Turkey attempts precarious balance as it jockeys for position in Syria

At a time of acute economic crisis, Ankara is careful not to cause a rupture with Washington as issues of contention seem to accumulate.
Sunday 02/09/2018
Turkish intelligence chief Hakan Fidan at the Kremlin in Moscow, on August 24.           (AP)
Turkish intelligence chief Hakan Fidan at the Kremlin in Moscow, on August 24. (AP)

ISTANBUL - Heading into a series of crucial international talks regarding Syria, Turkey is trying to strengthen its position by deepening cooperation with Russia and increasing its military presence in northern Syria.

Turkey recently sent tanks and other military vehicles over the border towards Tel Rifaat in Aleppo province, Turkish news reports said. Tel Rifaat, 20km east of Afrin, was taken by Turkish troops earlier this year.

Other Turkish units were sent to reinforce troops on the border with Syria’s rebel-held Idlib province, where the Damascus government is preparing an offensive, the state-run Anadolu news agency said.

There are concerns that an attack on Idlib could trigger a wave of refugees into Turkey, which already hosts 3 million Syrians. The United Nations warned that a large-scale offensive in Idlib “has the potential to create a humanitarian emergency at a scale not yet seen” in the 7-year civil war and is floating the idea of evacuating civilians from Idlib to other parts of Syria.

Fighting could also endanger about 1,000 Turkish soldiers in Idlib, sent to Syria with Russian and Iranian approval to man 12 observation posts there.

“We are working with Russia and Iran to prevent a new Aleppo-like catastrophe in Idlib,” Turkish President Recep Tayyip Erdogan said August 30, referring to a drawn-out battle for the northern Syrian city that ended with the Syrian government taking control in 2016 and the death of thousands of people.

Erdogan is to meet with Russian President Vladimir Putin and Iranian President Hassan Rohani on September 7 in Iran. The looming offensive in Idlib is expected to be one of the main issues up for discussion.

Before the summit, Ankara intensified its talks with Moscow. Turkey’s foreign minister, defence minister and spy chief all visited Moscow in the last month. The development could strengthen Turkish-Russian ties at a time Turkey is locked in a bitter dispute with the United States. Speaking in Moscow, Turkish Foreign Minister Mevlut Cavusoglu called Russia a “strategic partner,” a term normally reserved to close Western partners such as the United States.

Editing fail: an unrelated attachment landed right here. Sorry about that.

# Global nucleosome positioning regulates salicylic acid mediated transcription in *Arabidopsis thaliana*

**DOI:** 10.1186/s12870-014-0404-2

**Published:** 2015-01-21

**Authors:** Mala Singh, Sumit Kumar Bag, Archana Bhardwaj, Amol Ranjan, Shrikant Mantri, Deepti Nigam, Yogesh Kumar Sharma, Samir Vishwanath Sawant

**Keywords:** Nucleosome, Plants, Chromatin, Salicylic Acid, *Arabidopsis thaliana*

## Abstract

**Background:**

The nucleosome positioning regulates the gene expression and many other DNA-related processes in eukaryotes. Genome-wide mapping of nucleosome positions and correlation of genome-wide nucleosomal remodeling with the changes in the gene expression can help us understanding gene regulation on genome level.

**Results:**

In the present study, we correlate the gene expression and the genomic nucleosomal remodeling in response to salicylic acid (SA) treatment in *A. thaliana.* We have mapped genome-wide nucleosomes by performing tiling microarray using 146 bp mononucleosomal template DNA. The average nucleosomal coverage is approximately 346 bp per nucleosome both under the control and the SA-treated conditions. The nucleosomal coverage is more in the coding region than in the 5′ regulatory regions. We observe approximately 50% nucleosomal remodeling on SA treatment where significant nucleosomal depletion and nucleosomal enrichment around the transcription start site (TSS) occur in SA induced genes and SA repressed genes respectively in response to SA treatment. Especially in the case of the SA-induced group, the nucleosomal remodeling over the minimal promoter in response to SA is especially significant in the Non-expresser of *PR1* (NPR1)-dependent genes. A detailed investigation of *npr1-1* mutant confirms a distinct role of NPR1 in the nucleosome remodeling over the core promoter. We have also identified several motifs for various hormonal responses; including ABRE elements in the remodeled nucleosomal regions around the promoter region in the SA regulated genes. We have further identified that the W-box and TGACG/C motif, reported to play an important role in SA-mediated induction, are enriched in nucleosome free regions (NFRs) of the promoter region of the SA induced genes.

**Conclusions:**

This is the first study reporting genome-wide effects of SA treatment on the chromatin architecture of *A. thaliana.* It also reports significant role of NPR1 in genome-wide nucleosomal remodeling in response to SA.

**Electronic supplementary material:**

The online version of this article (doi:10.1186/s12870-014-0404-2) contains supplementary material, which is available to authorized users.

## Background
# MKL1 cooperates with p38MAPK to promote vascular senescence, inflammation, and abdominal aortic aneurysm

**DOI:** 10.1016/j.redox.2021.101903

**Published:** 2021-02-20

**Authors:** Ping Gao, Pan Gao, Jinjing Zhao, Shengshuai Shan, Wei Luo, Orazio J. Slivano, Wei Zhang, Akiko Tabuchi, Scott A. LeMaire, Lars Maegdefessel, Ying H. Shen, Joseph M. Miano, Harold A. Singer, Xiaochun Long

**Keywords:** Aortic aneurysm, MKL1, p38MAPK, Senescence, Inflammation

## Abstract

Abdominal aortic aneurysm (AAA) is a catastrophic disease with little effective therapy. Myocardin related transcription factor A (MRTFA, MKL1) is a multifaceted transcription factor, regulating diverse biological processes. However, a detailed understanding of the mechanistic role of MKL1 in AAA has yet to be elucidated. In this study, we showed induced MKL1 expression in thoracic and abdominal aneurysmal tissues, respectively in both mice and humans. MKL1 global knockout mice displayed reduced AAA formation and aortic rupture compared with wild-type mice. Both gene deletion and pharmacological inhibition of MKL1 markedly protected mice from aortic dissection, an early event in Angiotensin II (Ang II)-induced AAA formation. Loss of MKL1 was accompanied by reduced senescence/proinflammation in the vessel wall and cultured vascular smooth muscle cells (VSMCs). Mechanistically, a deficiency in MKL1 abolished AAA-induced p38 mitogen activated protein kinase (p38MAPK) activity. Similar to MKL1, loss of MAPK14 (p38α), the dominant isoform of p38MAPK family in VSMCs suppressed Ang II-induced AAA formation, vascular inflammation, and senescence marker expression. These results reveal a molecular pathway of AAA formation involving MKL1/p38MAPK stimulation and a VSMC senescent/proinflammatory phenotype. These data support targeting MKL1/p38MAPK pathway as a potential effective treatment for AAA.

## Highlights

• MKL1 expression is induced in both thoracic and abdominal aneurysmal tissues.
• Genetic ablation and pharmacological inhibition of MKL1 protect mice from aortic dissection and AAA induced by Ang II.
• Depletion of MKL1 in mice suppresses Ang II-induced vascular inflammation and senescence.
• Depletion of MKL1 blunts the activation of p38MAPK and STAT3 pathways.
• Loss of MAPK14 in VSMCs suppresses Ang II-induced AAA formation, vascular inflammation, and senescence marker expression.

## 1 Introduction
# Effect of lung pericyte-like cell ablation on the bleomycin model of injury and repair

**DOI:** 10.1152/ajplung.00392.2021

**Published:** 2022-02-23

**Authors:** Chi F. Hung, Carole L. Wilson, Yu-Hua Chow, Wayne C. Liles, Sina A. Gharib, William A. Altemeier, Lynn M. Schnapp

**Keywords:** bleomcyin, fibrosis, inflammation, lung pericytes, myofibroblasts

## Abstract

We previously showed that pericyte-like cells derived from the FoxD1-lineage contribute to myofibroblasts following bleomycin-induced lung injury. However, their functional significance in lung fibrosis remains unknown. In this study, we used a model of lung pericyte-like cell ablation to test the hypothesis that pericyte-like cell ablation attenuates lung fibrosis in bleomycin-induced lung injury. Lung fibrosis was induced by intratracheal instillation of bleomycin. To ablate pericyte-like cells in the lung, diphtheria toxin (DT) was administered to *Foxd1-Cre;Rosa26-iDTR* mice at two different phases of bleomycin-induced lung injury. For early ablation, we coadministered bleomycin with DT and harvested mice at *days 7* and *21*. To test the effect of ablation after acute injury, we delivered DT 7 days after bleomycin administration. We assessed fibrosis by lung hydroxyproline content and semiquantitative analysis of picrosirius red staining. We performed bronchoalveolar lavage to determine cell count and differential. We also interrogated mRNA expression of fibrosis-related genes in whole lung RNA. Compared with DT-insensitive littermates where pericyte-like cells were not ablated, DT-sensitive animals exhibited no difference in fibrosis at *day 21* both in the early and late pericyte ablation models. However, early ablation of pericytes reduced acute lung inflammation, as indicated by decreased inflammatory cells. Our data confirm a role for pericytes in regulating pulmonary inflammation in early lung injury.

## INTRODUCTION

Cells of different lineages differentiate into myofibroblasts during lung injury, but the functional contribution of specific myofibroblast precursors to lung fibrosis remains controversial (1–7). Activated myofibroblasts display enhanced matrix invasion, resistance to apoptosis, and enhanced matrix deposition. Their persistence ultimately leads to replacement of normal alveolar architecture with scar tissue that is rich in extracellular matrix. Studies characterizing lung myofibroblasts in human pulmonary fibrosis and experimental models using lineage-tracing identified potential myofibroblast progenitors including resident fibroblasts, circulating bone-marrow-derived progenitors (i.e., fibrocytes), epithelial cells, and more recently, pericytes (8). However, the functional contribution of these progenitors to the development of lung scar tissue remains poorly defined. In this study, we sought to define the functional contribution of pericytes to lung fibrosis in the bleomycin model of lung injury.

Idlib poses a test for the Turkish-Russian alliance in Syria. Russia, the main international partner of Syrian President Bashar Assad, expects Turkey to use its influence in Idlib to dissolve radical rebel groups there but it remains unclear whether Ankara will deliver. Reports said Ankara was negotiating with the Hayat Tahrir al-Sham (HTS) militia and other militant Islamist groups to give up their heavy weapons and leave the region.

In a sign Turkey might be bowing to Russian calls to increase pressure on rebel groups and accept a limited offensive in Idlib, Ankara officially designated HTS a terrorist organisation on August 31.

Since overcoming a bilateral crisis triggered by the downing of a Russian jet by Turkey in 2015, relations between Ankara and Moscow have improved dramatically. Erdogan and Putin have met about a dozen times in recent years to coordinate actions in Syria and boost economic cooperation. Turkey has dropped its insistence on the immediate departure of Assad and Russia has allowed Turkey to conduct cross-border operations against Kurdish militants in Syria.

In Idlib, Moscow’s support for Assad, who wants to recapture the rebel-held province to seal his military victory in the war, and Ankara’s assistance to rebel groups there have created conflicting interests between the two countries.

Still, Russia needs Turkey’s cooperation to bring the Syrian war to an end while Turkey needs Russian approval for its actions in Syria. In this context, Moscow does not mind deepening the rift between Turkey and the United States. Washington and Ankara are at loggerheads over the detention of a US missionary by Turkey.

“There is no trust left between Turkey and the United States,” said Celalettin Yavuz, an expert on international relations at Ayvansaray University in Istanbul. “In case of a chemical attack in Idlib, Turkey will believe that the United States is behind it,” he added.

One reason for the tensions between Turkey and the United States is Washington’s support for a Syrian-Kurdish rebel force regarded as a terrorist organisation by Turkey. Reports in Turkey said the latest Turkish troop movement into Syria’s Tel Rifaat was an answer to a decision by the United States to step up its assistance for the Kurds there. Turkish Defence Minister Hulusi Akar said the Turkish side was “constantly reminding” the Americans that Kurdish militants had to leave the region around Manbij, about 50km east of Tel Rifaat.

While tensions between Turkey and the United States simmer, the Iranian-Turkish-Russian summit in Iran showcases Ankara’s attempt at striking a delicate balance that serves its geostrategic interests with a focus on Syria.

Just four days after the summit, representatives of the three countries are to meet with UN Syria Envoy Staffan de Mistura in Geneva about drafting a new constitution for Syria.

On September 14, de Mistura is to host another meeting on Syria, this time with senior envoys from Egypt, France, Germany, Jordan, Saudi Arabia, the United Kingdom and the United States.